I really like this thread idea, and, in light of the bitterness of my last post, I thought it would be good for me to remember the nice responses I've gotten from people, too.
Honestly, some of the sweetest and wisest responses have come from survivors here. I've received nothing but encouragement, inspiration, and empathy...which has helped me to regain the courage to keep digging for more strength.
But I have also been fortunate enough to have supportive friends whom I see. I can't think of the best examples of specific words they've said to me...but I do remember some responses--especially after telling my story for the first time.
After collapsing from crying so hard after a flashback during my high school days, I was sent to the principal's office...and, of course, everyone in the office wanted to "talk" with me. But they seemed more nosy than genuinely caring, so, naturally, I wasn't about to clue them in. I expressed to them that I really wanted to see my friends, but they wouldn't let me because they thought I might be a danger to myself or others...and no one wanted to supervise me. But, then I said, "I'd really like to *talk* to my friends." And they starting hunting down my friends and sending them into the nurse's office (the part of the main office where I was). One friend of mine offered to get me my favorite food and also got my favorite bottled water. She had everyone else go with her except the person I wanted to talk to most, so that I could have some privacy. Then, my other friend that stayed asked me if I wanted to talk and assured me she would keep it completely confidential if that's what I wanted ('cause I knew the staff only let her in if she would agree to report back what I said). I wasn't ready to tell her what was going on, so she just sat there with me for the remainder of her lunch period, and that meant everything to me. After lunch, I made something up for the principal (migraine headache) and got released back to class. Outside, a group of about 20 people--some of whom I barely knew, were waiting for me. Each person hugged me individually and said things like, "I love you," "We were so worried about you," "I hope you feel better soon," "We're so glad you're back. We thought the principal might have eaten you for lunch!" or, "We're here for you," or even just, "Marie..." I was amazed by my crowd of friends. At the end of the day, I was exhausted. The same friend that sat with me through lunch sat with me for the bus ride back. She let me curl up in her lap...and she just held me, gently brushed back my hair with her hand, and watched to make sure I was safe as I slept. I will never forget that day. I have never felt so safe.
Eventually (months later), I called her and told her I wanted to talk about what had happened...but I didn't know how to start. She asked if it was okay if she guessed...or if that was something I wanted. I told her yes, that might be good and answered yes or no to some questions she asked. Some of the questions she asked were funny (one of her greatest gifts is making people laugh) and some were serious. I was finally able to choke out the words, "I was raped." Then, I went silent again. She helped me to feel like it was okay to talk about by sharing that she had several friends who had been sexually assualted and she saw how much it hurt them and that it made her sad. But she also mentioned how thankful she was when they found help...and that healing was a very long process...but she was confident they would gradually reclaim what was taken away from them. She also shared her own story, and told me I didn't have to share what had happened to me if I didn't want to...but if I did want to, she'd be there to listen. I shared what I could and she was so compassionate towards me. We both cried. She didn't hang up on me until we were both ready to go to sleep...which was around 3 AM. After that, she looked out for me a lot just by monitoring how I seemed to be feeling each day. One day, (a really bad day for me, brimming with flashbacks) she gave me a hug, let me cry on her shoulder, and said, "I love you. I'm so glad you're here."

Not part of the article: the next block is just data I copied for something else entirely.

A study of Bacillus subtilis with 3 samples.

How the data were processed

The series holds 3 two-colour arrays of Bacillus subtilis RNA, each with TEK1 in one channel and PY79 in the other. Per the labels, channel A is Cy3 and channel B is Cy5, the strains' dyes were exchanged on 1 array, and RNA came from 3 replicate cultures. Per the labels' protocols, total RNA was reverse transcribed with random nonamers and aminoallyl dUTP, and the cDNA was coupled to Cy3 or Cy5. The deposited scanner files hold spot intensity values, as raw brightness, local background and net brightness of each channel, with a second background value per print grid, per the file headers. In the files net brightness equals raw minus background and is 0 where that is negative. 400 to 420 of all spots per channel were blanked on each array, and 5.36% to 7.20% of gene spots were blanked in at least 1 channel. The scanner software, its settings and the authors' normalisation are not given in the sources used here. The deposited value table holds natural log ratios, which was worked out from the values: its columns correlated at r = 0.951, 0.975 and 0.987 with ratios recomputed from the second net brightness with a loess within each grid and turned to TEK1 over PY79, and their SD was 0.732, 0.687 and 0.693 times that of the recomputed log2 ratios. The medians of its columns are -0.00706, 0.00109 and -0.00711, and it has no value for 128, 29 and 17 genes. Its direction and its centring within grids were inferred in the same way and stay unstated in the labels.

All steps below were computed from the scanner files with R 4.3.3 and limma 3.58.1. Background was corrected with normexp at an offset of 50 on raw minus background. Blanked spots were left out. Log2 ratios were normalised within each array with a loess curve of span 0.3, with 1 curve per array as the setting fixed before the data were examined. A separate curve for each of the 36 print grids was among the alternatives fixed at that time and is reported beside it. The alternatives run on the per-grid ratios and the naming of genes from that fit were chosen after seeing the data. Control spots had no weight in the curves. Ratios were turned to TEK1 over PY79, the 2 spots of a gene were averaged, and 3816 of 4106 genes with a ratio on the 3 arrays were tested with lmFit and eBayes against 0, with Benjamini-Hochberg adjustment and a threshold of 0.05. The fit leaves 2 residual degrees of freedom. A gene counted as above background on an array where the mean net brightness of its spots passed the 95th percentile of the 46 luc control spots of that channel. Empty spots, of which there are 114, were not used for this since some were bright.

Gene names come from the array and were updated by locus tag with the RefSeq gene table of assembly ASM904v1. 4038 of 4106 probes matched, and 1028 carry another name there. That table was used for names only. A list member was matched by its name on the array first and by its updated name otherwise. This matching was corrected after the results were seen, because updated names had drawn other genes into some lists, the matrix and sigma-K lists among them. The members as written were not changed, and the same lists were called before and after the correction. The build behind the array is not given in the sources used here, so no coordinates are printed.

I think what has affected me the most in a positive way is knowing that it's okay to talk about flashbacks, memories, and other thoughts that sadden and frighten me...and knowing that my friends are always there to listen to me when I want to talk or would be willing to stay with me when I don't. Some of my friends seem to respect my wish for complete confidentiality a little better than others...as I have discovered that more of my friends know on some level that I was abused than I would like to know, but none of them seem to act like what happened is something for me to be ashamed of. And, of course, loving me and seeing me as "the same beautiful person...with even more courage and more strength than [they] initially knew..." also helps. And telling me how the abuse was not my fault--something I can't seem to hear enough--also helps tremendously.
I don't have plenty of friends I can talk to openly about what happened to me and what my journey to heal has been like, but, the few friends I can talk to have been wonderful about showing me that they care about me very very much. Without the support I've received, I would not be alive today.